Nepomniachtchi wins Moscow Grand Prix

Ian Nepomniachtchi is the winner of the 2019 Moscow Grand Prix, having defeated his countryman Alexander Grischuk in Wednesday’s rapid tiebreak round.

Nepomniachtchi and Grischuk drew both games of their classical mini-match. Neither game was particularly exciting, although it looked for a moment that Nepomniachtchi might be able to make something out of his turn with Black in Game 1.

Grischuk-Nepo, Round 4.1 (photo World ChesS)

Nepo-Grischuk, Round 4.2 (photo World Chess)

Grischuk’s Berlin Defense held in Game 2, and the game was drawn in just 23 moves.

Grischuk-Nepo, Round 4.3 (photo World Chess)

Nepomniachtchi sprung a patriotic surprise on Grischuk in the first rapid tie-break game, essaying the Petroff (or Russian) Defense for the first time in serious over-the-board competition. Grischuk burned four minutes (out of his allotted 25!) and came up with… 3. d3. Not surprisingly the game was drawn without much drama.

Nepo-Grischuk, Round 4.4 (photo Niki Riga)

Grischuk stuck to 1. … e5 in the second rapid game, but Nepomniachtchi varied with a theoretical line in the Italian Game. Grischuk’s central break was perhaps premature, and after 19. b5! his knight was forced to the edge of the board, giving Nepomniachtchi a decent edge. “Nepo” increased the pressure as the game progressed, and after Grischuk blundered in a tough position, he was able to force resignation with a nice sham queen sac.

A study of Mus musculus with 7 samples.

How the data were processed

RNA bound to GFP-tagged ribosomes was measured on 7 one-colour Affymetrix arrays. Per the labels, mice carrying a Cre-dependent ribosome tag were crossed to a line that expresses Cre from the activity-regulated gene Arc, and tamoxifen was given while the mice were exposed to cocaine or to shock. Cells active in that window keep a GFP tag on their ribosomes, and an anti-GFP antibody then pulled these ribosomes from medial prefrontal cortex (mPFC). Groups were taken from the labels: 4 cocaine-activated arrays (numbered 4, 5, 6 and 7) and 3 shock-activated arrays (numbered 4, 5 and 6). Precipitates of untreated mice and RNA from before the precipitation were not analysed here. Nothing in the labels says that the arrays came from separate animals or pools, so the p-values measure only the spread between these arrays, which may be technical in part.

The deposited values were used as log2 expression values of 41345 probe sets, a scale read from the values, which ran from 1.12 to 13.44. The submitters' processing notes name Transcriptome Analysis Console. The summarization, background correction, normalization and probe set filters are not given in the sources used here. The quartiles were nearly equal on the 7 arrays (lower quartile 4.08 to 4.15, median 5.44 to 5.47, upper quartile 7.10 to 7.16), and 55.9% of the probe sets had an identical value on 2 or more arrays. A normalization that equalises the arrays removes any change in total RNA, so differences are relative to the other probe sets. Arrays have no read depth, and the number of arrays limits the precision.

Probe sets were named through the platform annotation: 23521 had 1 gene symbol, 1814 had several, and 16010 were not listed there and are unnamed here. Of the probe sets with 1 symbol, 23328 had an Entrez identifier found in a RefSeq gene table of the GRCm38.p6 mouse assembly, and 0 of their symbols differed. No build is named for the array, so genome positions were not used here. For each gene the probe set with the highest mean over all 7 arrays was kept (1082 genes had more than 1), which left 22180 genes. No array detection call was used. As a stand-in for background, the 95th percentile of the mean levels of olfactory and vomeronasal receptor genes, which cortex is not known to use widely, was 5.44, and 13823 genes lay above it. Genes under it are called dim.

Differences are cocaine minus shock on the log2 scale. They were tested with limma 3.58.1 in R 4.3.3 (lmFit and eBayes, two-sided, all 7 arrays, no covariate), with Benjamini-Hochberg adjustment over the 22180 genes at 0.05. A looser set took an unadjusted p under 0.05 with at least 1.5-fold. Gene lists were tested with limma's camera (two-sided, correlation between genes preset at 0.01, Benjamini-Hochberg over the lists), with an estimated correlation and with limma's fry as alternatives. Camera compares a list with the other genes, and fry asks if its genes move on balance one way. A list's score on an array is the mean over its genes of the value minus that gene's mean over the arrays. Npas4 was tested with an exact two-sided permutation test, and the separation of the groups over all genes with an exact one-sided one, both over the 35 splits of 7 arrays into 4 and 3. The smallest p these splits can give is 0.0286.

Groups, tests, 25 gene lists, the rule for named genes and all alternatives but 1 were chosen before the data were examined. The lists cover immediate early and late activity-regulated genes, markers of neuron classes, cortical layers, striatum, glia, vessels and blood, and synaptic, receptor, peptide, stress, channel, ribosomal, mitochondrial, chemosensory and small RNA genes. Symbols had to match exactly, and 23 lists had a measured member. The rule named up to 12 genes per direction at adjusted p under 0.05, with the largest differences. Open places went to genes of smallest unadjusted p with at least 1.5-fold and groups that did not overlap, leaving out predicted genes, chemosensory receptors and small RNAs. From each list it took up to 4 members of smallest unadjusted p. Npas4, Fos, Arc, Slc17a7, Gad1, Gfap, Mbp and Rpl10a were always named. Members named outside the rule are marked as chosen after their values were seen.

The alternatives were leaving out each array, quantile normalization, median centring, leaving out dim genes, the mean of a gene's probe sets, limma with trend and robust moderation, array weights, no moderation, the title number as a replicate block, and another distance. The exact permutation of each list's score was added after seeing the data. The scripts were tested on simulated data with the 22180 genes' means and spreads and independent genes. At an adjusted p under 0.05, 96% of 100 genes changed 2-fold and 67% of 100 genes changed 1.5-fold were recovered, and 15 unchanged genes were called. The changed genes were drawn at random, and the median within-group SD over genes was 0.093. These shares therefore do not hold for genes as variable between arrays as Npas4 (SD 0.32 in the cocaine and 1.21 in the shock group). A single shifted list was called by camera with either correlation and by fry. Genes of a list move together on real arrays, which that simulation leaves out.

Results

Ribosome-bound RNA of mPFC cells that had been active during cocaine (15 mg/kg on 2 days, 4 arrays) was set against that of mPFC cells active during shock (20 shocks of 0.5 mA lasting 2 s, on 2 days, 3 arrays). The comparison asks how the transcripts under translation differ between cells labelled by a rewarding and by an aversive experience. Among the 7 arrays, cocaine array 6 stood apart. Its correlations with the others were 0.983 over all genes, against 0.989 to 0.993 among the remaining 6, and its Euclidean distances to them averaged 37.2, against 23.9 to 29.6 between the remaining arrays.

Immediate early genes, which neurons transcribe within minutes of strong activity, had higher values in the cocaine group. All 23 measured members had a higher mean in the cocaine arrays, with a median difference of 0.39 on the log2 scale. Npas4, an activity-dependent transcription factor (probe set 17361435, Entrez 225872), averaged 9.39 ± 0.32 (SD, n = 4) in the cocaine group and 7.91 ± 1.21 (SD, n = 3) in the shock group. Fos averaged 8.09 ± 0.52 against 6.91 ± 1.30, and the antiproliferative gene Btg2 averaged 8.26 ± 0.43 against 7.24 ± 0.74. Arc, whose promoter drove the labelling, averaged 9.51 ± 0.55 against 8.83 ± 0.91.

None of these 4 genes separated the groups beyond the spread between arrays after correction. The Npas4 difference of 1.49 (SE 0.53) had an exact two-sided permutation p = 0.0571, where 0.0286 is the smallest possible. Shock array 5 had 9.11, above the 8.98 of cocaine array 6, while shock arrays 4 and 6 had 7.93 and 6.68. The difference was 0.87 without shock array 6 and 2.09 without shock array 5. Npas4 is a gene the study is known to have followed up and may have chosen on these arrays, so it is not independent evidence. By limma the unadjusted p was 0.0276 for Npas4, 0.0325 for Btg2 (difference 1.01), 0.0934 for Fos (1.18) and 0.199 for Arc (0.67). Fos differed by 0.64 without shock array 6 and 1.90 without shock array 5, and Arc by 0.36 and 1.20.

Nepo and Grischuk at the Closing Ceremony (photo Niki Riga)

Nepomniachtchi won twenty-four thousand Euros for his efforts, while Grischuk had to satisfy himself with a second prize of fourteen thousand Euros. More important, however, are the Grand Prix points both players earned in Moscow.

Two players will qualify for the 2020 Candidates Tournament on the basis of results in the 2019 Grand Prix Series. The qualification process revolves around Grand Prix points earned at each knockout event. Here are the point totals after Moscow, which was the first of the four scheduled events in this year’s Grand Prix series. They are taken directly from the FIDE website.

1. Ian Nepomniachtchi – 9,
2. Alexander Grischuk – 7,
3. Radoslaw Wojtaszek – 5,
4. Hikaru Nakamura – 3,
5-7. Peter Svidler, Wei Yi, Daniil Dubov – 2,
8. Wesley So – 1,
9-16. Anish Giri, Shakhriyar Mamedyarov, Levon Aronian, Teimour Radjabov, Sergey Karjakin, Nikita Vitiugov, Jan-Krzysztof Duda, Dmitry Jakovenko – 0.

The next event in the FIDE Grand Prix series will take place in Latvia from July 11-15th.